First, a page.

Zendikar Pre-Release Event


This past weekend, I went to the Zendikar pre-release event in Phoenix this past weekend. The festivities started upon waking up at about 3 a.m. (It’s funny how in the transition from being in my 4th year of high school to my 4th year at a university, 3 a.m. transitions from bedtime to wake-up time) at which point we performed morning chores (equating to getting Ally, getting Glenn’s other friends Andrew and Catherine, and then hitting a gas station) and were on our way to Phoenix.

In Phoenix, we had a very slight amount of stress while we found a parking spot then worked on getting into the convention center, which, being as I love buildings, I think is going to be the biggest focus of this post. We parked in the parking garage, which except for the stark shadows and blinking red lights wasn’t particularly futuristic after any fashion, and then moved on to the elevator, which on its own wasn’t too fabulous beyond belief, but once we were on the main ground level of the event, it was clear we were in a very well-maintained future facility.

Walking around before anyone else got to the event, it was as though we were in a fabulous but dystopian future where the infrastructure exists to support hundreds of thousands of people, but it all ends up supporting just about six or seven people. The five of us walked around and I’ll admit that it wouldn’t have felt any more well-populated if maybe even three or four more people were with us, and we did indeed meet maybe one or two more people before Andrew, Catherine, Ally and myself headed out to get some food.

The restaurant was fairly well-populated, sporting a moderate number of other patrons and a full staff including three or four roaming the floor, and however many may normally have staffed the kitchen. Breakfast was, to that end, great. I just had a fairly simple ham and cheese omelette, with toast and some awesome potato stuff.

The entire building is admittedly really great. Everywhere near the convention center is really well maintained, and it seems like through traffic is really frowned upon, that or it’s just not very busy at 9 a.m. on a Saturday morning. The carpets in the building are clean and plushy, and the hard surfaces are all either chrome, nice stone or really shiny polished stone. Chairs are littered everywhere in an attractive and useful fashion, and in general, I guess the way to describe it would be to say that it’s a convention center. The San Diego Convention Center was set up similarly, except I believe it may be a few years older than this one, and may have had a few fewer or different amenities, such as retail establishments serving food.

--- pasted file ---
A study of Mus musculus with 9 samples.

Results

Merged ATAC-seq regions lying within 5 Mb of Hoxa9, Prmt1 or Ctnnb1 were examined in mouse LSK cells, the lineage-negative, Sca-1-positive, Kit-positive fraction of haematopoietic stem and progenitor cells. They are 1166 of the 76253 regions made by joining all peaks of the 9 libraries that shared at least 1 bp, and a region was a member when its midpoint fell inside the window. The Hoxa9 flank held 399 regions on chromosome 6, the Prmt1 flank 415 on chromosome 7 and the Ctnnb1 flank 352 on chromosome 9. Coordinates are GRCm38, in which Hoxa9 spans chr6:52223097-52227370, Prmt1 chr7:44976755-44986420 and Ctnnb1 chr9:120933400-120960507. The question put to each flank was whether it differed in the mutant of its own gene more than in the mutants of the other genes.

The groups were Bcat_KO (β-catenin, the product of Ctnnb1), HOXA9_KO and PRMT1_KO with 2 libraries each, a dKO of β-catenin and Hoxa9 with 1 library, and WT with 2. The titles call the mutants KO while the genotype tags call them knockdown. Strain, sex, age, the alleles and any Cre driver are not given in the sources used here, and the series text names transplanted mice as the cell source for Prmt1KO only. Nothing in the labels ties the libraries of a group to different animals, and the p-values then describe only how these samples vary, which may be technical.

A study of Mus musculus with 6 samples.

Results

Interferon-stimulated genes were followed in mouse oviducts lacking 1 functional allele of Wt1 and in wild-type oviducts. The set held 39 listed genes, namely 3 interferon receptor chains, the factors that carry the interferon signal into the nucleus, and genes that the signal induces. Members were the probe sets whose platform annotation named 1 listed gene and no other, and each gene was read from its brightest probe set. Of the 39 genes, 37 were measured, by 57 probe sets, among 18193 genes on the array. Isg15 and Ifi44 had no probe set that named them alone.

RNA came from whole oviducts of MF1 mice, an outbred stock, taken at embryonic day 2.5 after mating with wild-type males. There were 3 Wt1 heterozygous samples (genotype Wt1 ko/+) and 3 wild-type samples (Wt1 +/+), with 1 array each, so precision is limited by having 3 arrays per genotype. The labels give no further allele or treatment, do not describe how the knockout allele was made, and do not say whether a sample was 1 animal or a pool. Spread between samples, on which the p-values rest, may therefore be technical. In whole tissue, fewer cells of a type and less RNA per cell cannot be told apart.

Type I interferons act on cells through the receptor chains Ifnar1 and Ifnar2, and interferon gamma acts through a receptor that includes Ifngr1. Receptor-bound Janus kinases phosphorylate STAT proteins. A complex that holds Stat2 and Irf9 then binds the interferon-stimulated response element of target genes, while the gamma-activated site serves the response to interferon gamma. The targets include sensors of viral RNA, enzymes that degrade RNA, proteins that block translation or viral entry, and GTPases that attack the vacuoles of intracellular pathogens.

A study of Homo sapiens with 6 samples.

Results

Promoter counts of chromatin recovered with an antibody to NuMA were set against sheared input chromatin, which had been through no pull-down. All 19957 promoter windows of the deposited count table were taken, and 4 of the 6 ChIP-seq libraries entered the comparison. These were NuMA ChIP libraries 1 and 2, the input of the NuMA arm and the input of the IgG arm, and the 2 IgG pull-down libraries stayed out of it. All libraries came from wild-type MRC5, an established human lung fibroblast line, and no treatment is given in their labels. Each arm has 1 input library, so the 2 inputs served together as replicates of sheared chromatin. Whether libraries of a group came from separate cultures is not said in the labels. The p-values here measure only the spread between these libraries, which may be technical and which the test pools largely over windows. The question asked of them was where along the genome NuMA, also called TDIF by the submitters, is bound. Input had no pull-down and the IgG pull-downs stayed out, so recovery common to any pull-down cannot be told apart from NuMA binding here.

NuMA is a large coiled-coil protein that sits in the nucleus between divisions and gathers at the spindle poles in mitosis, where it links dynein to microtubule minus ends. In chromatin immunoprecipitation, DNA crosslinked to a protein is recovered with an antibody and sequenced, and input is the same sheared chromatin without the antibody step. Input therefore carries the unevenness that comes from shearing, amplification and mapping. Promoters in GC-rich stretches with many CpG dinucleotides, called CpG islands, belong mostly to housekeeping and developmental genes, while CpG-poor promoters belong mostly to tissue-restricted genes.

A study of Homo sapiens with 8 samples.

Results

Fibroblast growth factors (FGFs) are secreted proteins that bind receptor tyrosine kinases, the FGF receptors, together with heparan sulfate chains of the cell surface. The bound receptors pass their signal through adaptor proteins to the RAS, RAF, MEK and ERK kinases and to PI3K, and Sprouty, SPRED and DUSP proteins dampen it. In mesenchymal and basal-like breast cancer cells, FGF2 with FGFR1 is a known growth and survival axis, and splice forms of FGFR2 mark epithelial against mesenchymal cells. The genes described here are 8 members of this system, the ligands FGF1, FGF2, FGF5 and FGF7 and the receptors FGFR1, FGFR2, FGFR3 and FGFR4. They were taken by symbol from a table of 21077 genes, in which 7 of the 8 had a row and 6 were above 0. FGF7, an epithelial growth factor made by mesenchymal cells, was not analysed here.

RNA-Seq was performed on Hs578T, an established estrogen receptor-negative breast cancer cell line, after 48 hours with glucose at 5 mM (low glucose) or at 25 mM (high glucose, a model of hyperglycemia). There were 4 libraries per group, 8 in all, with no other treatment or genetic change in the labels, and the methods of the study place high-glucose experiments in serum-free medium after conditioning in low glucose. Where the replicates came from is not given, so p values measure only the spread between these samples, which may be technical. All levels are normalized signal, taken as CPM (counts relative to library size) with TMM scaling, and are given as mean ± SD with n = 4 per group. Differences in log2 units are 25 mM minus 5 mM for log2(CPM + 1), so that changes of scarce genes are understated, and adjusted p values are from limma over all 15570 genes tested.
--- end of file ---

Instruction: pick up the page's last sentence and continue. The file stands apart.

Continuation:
My wonderment is at what created such a dystopia. I imagine that it stemmed from some kind of massive event that caused everyone to leave voluntarily, however the group left behind is a small group of stragglers, remaining likely because nobody told them what was going on during the exodus. I don’t know if there’s some sort of latent danger, or if the danger has ultimately passed. The remaining group, less than ten people at first, potentially growing either as more people are gathered from the surrounding areas or as they pass through, having decided to leave from their own home bases, is left to their own devices, ultimately needing ot ifgure out how to sustain a small number of people in an area with facilities capable of and meant for sustaining potentially thousands or tens of thousands of people, if not hundreds of thousands, depending on the total area affected.

... Anyway.

We got back into the area to see Glenn sorting lands, and at that point started working on getting everybody registered for the event and it was also the point at which I busted out my computer to start writing this post. (Among other things that I can or should do on one of my computers without Internet access.)

One of the random happenings from the beginning of this particular event is that while Ally and I were setting up and she was opening her Zendikar starting deck I had noticed that a lot of the younger folks playing Magic in Phoenix seem to be into a certain style of clothing, much of which involves dragon patterns sewn into the rear of people’s pants. This observation caused me to utter the following:

Unfortunately for her, this counts as Ally’s formal introduction insofar as my blog, at least in this iteration (of the blog, not of Ally,) goes.

After that, my interactions with Glenn and Ally involved saying hello, and moving out of the way whenever somebody needed to use the table or seat I was occupying at the time. It worked out well for me, as vacations go, because I was able to simply sit around on my computer the entire time, albeit without access to the Internet, it’s been a bit more boring (although a bit more relaxing) than an average day at home or work may have been. Unfortunately I didn’t think to bring any print materials (such as Catcher in the Rye or the third book in the Wicked Cycle) to read. Fortunately, I didn’t have anything else I needed to do at the time.

Other highlights of the day involved Mexican for lunch in the convention center food court, and making the transition from sitting at a table inside the room with the event, to an alcove with couches in the hallway.

At about 8 when the event was done we finally started to head home, and admittedly, navigating through Phoenix at night is like… terrifying. Glenn was far more on edge than he needed to be, and I’ll admit that I think if someone else had driven the entire thing would have worked out very slightly better. My new theory is that it’s not very useful to yell at the person who has the maps (which in this case was me.)

At 9:30 or so we got to Denny’s in Anthem and had some dinner before heading back to finally get home at midnight, after a 21 or so hour day, I apparently fell asleep within minutes of hitting the bed, which is rather unusual for me.